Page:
Here in the States, Thanksgiving time is upon us. The implications for this blog is that I’ll be gone from tomorrow until Monday, as I’ll be spending Thanksgiving in various planes for family business. So, after today, no new posts until Monday.
Traditionally, of course, Thanksgiving is that day when we Americans are supposed to honor that old tradition celebrated first by the Puritan settlers of feasting and giving thanks to a god for all of our blessings. So, aside from turkey, football, and 2 days off, what does this mean to those of us who are godless? Whatever you want, of course. Celebrate it whatever way you want or not. But I actually do think that, in case we’ve forgotten, it can be beneficial to step back, appreciate what we have and be thankful.
So, thankful for what and to whom? Humanity has come a long way. Only relatively recently have women achieved the social equality with men that should have been theirs all along (still work to be done, of course). In spite of the expressions of racism displayed by a few in the last election, significant progress has been made here as well. Scientific and technological advances have increased our average lifespans, allowed us to live lives in greater comfort than our ancestors had known, and revealed to us wonders of the cosmos that our stone age ancestors could not even have dreamed of. In fact, one of the benefits of the age in which we live is that we can dream larger than ever before. One of the benefits of modern science to the modern mindset is to be comfortable with uncertainty. We know there are things we do not know and that’s fine. We know we have the tools to progress.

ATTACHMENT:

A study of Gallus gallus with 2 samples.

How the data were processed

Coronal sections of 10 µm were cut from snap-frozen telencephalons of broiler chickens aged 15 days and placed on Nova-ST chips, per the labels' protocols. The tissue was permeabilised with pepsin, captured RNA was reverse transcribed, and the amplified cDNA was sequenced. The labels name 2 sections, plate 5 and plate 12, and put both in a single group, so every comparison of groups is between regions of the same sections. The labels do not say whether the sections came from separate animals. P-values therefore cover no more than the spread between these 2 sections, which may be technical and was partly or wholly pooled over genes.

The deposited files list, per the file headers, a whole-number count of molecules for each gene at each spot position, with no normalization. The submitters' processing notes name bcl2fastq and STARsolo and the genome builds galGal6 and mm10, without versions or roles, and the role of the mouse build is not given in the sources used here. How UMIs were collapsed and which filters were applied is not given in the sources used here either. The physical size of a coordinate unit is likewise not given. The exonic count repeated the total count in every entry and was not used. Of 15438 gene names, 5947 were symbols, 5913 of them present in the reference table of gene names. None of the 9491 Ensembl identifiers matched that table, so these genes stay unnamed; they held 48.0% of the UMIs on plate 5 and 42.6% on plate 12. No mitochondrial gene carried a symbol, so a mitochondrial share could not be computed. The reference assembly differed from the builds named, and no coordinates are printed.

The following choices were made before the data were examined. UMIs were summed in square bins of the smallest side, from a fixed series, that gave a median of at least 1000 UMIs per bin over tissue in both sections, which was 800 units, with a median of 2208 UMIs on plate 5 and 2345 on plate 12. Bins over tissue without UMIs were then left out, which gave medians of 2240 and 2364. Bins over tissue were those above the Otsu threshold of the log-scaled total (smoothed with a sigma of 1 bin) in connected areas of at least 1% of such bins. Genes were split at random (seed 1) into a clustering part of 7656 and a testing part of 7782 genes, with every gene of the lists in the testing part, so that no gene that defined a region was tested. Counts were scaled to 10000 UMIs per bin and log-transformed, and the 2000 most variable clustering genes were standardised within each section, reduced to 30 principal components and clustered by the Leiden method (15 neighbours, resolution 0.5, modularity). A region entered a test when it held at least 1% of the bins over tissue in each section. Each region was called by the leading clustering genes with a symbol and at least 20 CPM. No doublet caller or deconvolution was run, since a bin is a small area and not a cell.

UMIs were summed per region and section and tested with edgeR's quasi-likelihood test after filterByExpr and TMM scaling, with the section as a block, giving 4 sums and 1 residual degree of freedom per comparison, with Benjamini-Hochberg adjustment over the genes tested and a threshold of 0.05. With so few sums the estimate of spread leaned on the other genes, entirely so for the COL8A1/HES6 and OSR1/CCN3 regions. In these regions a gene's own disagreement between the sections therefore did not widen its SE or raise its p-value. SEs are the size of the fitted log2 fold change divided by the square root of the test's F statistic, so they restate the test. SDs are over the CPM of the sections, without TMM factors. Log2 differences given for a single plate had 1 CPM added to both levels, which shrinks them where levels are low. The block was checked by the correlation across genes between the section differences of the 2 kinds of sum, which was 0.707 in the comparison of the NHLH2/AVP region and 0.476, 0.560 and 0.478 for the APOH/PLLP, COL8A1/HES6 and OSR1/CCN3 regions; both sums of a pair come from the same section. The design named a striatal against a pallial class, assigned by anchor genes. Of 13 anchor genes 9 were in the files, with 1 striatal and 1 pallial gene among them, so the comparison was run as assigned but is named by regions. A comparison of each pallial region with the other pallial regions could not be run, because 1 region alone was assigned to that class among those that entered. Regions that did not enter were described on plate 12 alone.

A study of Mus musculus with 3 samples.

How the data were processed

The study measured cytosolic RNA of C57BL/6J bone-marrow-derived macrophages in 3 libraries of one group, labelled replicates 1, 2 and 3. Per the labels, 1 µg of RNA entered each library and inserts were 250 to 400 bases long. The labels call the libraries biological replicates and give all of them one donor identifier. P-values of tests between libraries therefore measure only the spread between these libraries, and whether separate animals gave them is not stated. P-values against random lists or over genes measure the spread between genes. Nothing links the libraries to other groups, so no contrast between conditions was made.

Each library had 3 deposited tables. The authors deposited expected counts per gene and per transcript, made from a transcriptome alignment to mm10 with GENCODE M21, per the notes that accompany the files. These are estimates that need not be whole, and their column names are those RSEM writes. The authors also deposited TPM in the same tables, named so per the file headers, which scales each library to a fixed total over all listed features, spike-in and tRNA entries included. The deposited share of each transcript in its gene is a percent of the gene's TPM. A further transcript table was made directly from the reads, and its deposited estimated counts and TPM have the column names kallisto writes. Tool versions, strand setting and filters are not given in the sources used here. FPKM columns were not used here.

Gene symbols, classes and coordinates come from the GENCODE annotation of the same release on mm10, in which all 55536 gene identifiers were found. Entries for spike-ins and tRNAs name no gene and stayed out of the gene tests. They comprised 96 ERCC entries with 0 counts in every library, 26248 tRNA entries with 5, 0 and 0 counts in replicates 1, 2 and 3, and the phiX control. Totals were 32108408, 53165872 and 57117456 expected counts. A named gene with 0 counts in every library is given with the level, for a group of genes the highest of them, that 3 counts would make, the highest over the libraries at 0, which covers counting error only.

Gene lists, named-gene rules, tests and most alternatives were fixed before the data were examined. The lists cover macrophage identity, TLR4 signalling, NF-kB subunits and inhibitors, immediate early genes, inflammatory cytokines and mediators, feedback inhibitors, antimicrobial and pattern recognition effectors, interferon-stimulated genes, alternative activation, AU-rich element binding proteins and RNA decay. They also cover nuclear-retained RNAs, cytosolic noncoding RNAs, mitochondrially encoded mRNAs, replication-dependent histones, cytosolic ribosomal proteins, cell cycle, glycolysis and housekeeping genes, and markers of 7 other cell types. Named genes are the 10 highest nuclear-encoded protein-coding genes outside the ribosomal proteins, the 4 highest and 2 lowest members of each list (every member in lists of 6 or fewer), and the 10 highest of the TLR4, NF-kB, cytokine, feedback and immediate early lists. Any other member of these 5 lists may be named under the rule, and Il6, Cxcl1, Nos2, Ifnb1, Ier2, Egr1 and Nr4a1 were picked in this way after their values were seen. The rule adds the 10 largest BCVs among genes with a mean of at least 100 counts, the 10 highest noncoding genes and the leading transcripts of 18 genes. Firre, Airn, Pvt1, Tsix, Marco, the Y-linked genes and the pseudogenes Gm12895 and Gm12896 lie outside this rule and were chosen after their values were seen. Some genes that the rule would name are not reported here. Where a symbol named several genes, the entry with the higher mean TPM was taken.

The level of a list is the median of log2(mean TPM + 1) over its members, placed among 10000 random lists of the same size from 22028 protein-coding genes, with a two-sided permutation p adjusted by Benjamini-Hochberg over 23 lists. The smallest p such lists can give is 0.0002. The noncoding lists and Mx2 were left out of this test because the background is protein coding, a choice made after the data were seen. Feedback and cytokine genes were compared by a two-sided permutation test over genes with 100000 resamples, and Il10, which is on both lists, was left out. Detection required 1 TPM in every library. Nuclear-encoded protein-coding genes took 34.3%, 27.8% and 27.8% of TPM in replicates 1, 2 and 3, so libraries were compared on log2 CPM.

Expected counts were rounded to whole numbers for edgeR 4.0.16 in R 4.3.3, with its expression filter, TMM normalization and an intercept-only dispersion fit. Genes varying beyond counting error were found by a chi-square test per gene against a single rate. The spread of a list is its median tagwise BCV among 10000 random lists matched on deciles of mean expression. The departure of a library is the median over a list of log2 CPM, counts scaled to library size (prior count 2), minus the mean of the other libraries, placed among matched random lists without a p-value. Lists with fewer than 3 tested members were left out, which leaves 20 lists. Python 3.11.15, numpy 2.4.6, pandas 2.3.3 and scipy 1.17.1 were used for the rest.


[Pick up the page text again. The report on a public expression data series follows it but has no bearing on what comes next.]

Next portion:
To whom would I say I am grateful for this progress that has allowed me to live in some measure of relative comfort and to have opportunities to seek out intellectual stimulation? I guess I could be thankful to the universe for existing in such a way that it can, in some sense, be comprehended. Of course, the universe is indifferent, not caring whether or not I appreciate its grandeur. I am certainly thankful for those who came before, who, whatever their motivations, worked to advance medicine, improve our understanding of nature, improve the social fabric of humanity, to, in general, advance the Enlightenment. Most of the people who have been involved in that process are no longer with us, Isaac Newton, Max Planck, Louis Pasteur, Thomas Jefferson, Susan B. Anthony, and so many more. As they are gone, they also can not care about any appreciation I have. It may seem kind of pointless to be thankful, unless one examines the operational properties of thankfulness. In physics, one of the foundational questions is how things such as length or time are defined (This has important implications for the special theory of relativity..perhaps for future posts…). One school of thought hold that they are defined by how they are measured.
So, how is thankfulness measured, or shown? Perhaps one way is to continue the work.
Oh yes..for Dr. Who fans out there, I guess the title of this post implies I am thanking the Doctor.